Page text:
María Verónica Orendain De Los Santos
Director General of the Directorate of Heavy Industries and High Technology
The Ministry of Economy

Mon, 09/01/2014 - 13:01

Q: In what ways does the automotive industry promote the adoption of high technology in Mexico?

A: The automotive industry is crucial in the pursuit of more high technology in Mexico. What distinguishes this industry from the rest is that it has a multiplier effect that promotes technology across the entire supply chain. To foster technology, the industry needs skilled human capital. 19.7% of manufacturing employment, which amounts to 644,000 jobs, currently comes from the automotive industry. On average, salaries offered by OEMs established in Mexico are 2.1 times higher than other manufacturing industries. Given its ties to global value chains, the technology and manufacturing processes of the industry also have to be up to par with international standards. This is the main driver for the incorporation of high technology in Mexico.

Q: What role does the Directorate of Heavy Industries and High Technology play in this process?

A: This directorate plays a part in attracting FDI alongside other entities like ProMéxico. We elaborate the best strategies for the promotion of investment for the automotive sector. The automotive industry serves as a reference for the design and implementation of Mexico’s industrial policies and as a benchmark to evaluate our performance in attracting, retaining, and increasing investments in Mexico.

Q: How does the Economic Complementation Agreement 55 (ACE) with Brazil impact industries like automotive?

A: ACE is an agreement that grants companies preferential access to the Brazilian market with a reduction in tariff payments. An internal amendment passed in 2012 between the two governments established a limit on annual importations of lightweight automotive vehicles. There is an import quota mechanism which has been agreed to by OEMs present in Mexico. There is a process surrounding the quota mechanism, impacting the decision of which companies will gain preferential access to Brazil’s market. It is important to note that this amendment to ACE is temporary and we are waiting for it to be renewed. No OEM receives preferential treatment when we allocate the quota. Their participation depends on how well the OEM used its given space in the past. New OEMs can enter but it depends on investment conditions they have to meet.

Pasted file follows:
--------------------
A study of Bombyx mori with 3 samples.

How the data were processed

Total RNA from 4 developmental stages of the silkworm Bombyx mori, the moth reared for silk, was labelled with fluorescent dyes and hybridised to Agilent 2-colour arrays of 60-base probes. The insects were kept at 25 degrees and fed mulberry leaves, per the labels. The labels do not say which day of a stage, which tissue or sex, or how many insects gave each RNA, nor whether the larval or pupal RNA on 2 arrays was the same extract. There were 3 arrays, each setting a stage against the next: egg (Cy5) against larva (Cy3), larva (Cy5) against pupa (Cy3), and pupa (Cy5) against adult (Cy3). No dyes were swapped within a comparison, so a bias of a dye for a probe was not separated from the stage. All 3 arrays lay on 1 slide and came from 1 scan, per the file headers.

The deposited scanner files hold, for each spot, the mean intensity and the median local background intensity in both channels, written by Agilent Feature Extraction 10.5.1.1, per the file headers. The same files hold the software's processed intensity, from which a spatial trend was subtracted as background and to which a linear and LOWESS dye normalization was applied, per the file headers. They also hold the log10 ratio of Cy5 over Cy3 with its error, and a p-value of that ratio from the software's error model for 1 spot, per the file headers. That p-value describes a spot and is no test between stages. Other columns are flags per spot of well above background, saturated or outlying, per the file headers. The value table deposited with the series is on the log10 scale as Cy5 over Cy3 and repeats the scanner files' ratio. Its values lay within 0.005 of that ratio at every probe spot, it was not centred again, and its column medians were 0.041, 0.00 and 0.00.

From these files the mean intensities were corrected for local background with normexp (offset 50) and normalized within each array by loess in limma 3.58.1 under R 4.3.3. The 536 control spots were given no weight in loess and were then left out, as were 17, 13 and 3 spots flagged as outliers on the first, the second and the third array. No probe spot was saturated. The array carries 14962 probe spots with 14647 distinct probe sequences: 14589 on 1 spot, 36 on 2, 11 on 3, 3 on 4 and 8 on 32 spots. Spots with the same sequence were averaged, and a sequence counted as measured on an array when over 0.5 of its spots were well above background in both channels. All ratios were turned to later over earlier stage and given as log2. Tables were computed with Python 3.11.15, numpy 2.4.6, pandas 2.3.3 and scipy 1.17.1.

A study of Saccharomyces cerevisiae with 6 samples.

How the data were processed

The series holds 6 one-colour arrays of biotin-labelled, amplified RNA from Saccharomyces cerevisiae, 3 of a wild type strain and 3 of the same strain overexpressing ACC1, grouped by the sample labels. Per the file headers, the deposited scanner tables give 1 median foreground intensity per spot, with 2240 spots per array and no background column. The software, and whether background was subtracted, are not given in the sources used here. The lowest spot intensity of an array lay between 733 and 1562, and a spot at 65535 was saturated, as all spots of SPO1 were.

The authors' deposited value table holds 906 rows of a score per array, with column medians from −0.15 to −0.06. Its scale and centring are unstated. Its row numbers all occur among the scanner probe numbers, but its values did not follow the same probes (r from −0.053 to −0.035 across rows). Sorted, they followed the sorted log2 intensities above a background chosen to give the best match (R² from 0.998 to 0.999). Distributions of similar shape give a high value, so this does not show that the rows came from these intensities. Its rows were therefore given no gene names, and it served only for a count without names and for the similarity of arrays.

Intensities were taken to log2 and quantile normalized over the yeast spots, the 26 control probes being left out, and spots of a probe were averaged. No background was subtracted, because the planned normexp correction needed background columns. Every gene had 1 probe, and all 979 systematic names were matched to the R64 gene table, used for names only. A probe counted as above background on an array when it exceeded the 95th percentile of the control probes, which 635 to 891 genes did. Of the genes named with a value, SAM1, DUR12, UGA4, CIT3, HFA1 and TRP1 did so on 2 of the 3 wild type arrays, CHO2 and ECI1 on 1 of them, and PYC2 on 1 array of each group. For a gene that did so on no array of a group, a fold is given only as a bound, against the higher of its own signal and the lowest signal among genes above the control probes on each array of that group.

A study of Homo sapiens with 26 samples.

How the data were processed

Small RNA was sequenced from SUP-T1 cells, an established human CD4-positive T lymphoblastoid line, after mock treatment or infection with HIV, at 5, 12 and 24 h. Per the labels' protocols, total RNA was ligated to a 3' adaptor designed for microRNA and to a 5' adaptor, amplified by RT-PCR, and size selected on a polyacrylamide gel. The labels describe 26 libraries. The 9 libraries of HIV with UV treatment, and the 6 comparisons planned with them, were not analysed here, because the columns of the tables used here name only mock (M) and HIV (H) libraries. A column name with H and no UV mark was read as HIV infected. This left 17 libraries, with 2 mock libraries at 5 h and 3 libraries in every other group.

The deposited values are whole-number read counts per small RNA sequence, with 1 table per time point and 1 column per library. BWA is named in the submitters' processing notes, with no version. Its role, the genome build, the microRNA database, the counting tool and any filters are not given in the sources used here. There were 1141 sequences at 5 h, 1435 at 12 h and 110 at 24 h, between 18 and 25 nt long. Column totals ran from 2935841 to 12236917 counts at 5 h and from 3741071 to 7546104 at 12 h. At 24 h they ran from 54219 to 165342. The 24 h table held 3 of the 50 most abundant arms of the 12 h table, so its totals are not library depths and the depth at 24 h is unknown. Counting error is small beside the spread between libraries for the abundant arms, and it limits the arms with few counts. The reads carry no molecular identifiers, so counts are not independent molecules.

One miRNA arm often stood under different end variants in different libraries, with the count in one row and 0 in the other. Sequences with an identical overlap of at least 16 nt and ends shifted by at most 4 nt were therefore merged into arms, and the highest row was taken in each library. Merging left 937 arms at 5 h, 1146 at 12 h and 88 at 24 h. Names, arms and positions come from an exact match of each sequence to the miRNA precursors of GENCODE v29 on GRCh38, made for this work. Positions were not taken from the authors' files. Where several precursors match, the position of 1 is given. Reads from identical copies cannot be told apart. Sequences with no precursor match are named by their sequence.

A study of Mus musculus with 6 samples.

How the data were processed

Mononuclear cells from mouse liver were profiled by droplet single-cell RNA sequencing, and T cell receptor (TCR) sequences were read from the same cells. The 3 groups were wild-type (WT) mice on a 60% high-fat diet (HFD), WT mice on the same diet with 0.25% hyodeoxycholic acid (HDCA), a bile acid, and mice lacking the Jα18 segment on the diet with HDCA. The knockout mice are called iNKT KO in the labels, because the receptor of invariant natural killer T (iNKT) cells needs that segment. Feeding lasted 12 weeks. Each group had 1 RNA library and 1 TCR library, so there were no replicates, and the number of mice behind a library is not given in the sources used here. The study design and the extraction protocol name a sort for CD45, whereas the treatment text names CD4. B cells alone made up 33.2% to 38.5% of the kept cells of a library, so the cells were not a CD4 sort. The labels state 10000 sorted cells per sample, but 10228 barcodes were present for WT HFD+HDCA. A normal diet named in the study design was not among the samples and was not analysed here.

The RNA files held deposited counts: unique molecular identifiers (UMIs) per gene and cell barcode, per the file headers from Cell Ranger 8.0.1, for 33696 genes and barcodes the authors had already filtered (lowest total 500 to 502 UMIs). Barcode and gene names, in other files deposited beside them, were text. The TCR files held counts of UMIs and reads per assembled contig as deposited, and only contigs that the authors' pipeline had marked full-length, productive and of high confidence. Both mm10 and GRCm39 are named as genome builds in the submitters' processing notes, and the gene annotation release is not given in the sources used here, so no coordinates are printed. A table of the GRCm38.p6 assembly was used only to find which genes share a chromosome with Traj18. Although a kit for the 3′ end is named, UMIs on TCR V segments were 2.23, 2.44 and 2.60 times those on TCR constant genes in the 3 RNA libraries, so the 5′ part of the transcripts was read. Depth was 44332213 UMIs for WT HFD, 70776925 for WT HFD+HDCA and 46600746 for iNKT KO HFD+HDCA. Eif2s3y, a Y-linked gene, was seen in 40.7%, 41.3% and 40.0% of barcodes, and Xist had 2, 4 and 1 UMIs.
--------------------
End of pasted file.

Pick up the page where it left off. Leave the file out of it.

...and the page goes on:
Q: How will Mexico shift from promoting a low labor cost workforce to added value jobs in its investment attraction strategy?

A: Our labor force enables the adoption of higher technological sophistication. Because of this, Mexico is changing its strategy and shifting away from promoting itself as a source of low cost labor. We understand the new rules of the investment game and we have to improve our position within the global value chain. The automotive industry’s labor force is a model that generates skills and abilities which impact other sectors like aerospace. The areas particularly reported to have high technology and better salaries are in R&D and aftermarket services while salaries are lower for common manufacturing processes. However, there are specific processes that are considered high value due to their complexity. Since the automotive industry is closely linked to global value chains and markets, international influence results in higher salaries.

Q: What strategies are put in place to promote this human capital transformation?

A: From the 644,000 jobs in the automotive industry in Mexico, 5,000 are in the added value areas of R&D and aftermarket services. To increase this number, the federal government is focused on developing human capital. Via the Innovative Development Program (PRODEINN), the government is implementing a sectorial policy to create what we call an “ecosystem for technical innovation” in which, for example CONACYT supports industrial innovation through the Sectorial Fund for Innovation (FINNOVA) and the Innovation of Technology in Education and Training (INOVATEC). It is important to note that we help companies be more proactive when investing in HR, but at the end of the day, the investment comes from the private sector. The public sector simply accompanies this investment for two reasons: reducing risks and costs, and incentivizing the improvement of the technological profile of workers within the sector. Given the synergies the automotive industry has with other sectors like metallurgy, electronics, and IT, we have a concrete megaproject for the development of competences in advanced manufacturing, like molding, die casting, and tooling. This project is already underway and it will impact the automotive and engineering industries alike.